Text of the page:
Below is an excerpt from an interview that Feministing recently conducted with Rachel Maddow. Definitely read the amazing interview in its entirety.
Chloe Angyal: Why did you decide to make a documentary about the assassination of Dr. Tiller, and why did you feel so strongly about doing a larger-scale production about the anti-abortion movement?
Rachel Maddow: When we covered the Tiller murder when it happened, two things became clear. As soon as you heard last May that a doctor had been killed in Kansas, if you knew anything about the fight over reproductive rights and the radical anti-abortion movement, it was instantly clear that it was George Tiller who was killed, even before you heard the name. I had heard that a doctor was killed in Kansas that Sunday, and knew it was Tiller before I saw in the news that it was Tiller. There are not that many things in America, where you know who’s going to get killed, because there’s a campaign against them that includes people who think that violence up to murder is justified against people with whom they disagree or who they’ve vilified. It’s an unusual thing in America – there aren’t a lot of things like that, so that in itself was shocking enough.
But there was also some smaller scale stuff about our covering it in day-to-day news way. We do daily production, we have to do a show five nights a week, and turn around things in a short time frame, and the Tiller murder and the Roeder conviction were things that we covered intensively, but on this day-to-day production schedule. And one of the things that we didn’t report on, or didn’t really follow up on because it wasn’t appropriate to report on in that day-to-day schedule was the fact that there was a ton of celebration online when Tiller was killed. And you don’t blame people for their blog comments, and you don’t make a news story out of anonymous commenters on the internet machine. If you did, you’d constantly be foretelling the end of the world. It’s not really appropriate to cover that as news, that anecdotal reaction. But reading that reaction online, on Twitter and in blog comments, not just in the dark anti-abortion extremist corners of the internet, but actually in relatively mainstream places, I found very unsettling. It stuck with me and it made me want to do something longer form, more investigative and more in-depth about the murder.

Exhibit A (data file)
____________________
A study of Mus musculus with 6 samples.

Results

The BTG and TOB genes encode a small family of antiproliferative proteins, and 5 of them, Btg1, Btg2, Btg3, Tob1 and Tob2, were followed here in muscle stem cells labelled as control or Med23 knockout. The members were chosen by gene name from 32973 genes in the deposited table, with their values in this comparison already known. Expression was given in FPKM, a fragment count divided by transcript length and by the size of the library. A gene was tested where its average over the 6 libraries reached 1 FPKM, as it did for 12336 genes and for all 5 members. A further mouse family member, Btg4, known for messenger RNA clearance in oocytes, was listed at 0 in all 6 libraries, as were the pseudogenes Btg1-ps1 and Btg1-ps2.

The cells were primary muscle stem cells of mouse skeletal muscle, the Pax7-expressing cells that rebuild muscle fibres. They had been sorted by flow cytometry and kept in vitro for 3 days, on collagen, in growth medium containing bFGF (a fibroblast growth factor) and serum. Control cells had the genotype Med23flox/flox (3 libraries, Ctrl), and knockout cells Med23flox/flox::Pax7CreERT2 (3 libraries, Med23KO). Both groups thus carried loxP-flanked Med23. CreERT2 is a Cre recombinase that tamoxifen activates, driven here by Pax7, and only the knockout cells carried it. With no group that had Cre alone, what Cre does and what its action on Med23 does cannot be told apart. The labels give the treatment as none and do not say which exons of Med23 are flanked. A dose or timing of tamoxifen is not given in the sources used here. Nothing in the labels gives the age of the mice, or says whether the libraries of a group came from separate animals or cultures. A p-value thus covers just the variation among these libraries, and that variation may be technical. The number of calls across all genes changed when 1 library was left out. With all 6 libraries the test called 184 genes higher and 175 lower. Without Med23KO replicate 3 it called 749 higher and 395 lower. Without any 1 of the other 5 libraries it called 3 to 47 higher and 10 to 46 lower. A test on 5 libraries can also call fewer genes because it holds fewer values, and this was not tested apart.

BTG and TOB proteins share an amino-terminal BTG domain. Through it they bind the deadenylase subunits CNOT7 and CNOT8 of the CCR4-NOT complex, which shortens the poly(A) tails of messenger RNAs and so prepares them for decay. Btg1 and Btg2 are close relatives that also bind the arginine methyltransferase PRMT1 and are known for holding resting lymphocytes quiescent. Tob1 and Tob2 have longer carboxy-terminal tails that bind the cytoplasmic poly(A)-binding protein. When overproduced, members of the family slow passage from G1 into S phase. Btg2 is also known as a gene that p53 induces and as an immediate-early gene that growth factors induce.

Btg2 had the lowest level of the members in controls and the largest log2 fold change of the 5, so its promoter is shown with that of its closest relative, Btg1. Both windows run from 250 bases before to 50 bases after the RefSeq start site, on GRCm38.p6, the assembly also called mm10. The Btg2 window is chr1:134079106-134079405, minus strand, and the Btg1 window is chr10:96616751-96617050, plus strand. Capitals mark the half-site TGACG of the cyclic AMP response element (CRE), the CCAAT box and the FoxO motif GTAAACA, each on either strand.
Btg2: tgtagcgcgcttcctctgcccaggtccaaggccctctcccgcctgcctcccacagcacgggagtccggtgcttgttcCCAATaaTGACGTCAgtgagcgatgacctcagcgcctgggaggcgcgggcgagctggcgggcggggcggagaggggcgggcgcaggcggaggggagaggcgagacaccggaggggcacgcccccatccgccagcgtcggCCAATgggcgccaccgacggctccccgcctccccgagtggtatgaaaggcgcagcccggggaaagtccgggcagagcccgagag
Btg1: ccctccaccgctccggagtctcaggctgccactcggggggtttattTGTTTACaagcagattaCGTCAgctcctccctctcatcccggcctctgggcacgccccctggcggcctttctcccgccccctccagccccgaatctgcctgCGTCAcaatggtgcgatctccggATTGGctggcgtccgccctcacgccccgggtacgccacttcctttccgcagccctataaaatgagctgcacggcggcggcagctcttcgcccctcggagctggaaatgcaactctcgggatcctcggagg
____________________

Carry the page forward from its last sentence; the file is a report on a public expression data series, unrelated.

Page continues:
The fight over reproductive rights and the tactics of the radical anti-abortion movement are subjects that are a bummer. It’s something that we think of as almost unendurable, I think, to dwell on, to think about, because it seems like it never gets better, and like the other side never pays a price. And one of the things that I don’t think people have really grasps, which is in this documentary, is the story of George Tiller, who was resolute, cheerful, clever, holistically cognizant of what was going on as he was being attacked in this way.
At Tiller’s funeral, they made giant flower arrangement that said “Trust Women,” because that was his motto. You have to understand the other side, the radicals and their tactics, in order to understand what’s going on in the fight over reproductive rights. But in order to understand the way that people survive this, and the way that people can even hope to win these battles in the long run, understanding the way George Tiller did it is underappreciated. We’ve got these interviews of him that have never before run on television, and you see him, coming back to his clinic the day after he was shot and the day after his clinic was bombed, saying, “What we’re doing is legal. What these people are doing, these terroristic tactics and this anarchy, is illegal,” and putting up the sign outside his clinic: “Women need abortions and I’m going to do them.” And the devotion that his staff had to him, because of that resolution and that resilience that he had, that is a story worth telling about how to live in the face of threat, and how to live in the face of people who are coming at you in ways that are sometimes are very painful to think about. This is a painful story, but this is also an instructive story and a cathartic story for people who support reproductive rights.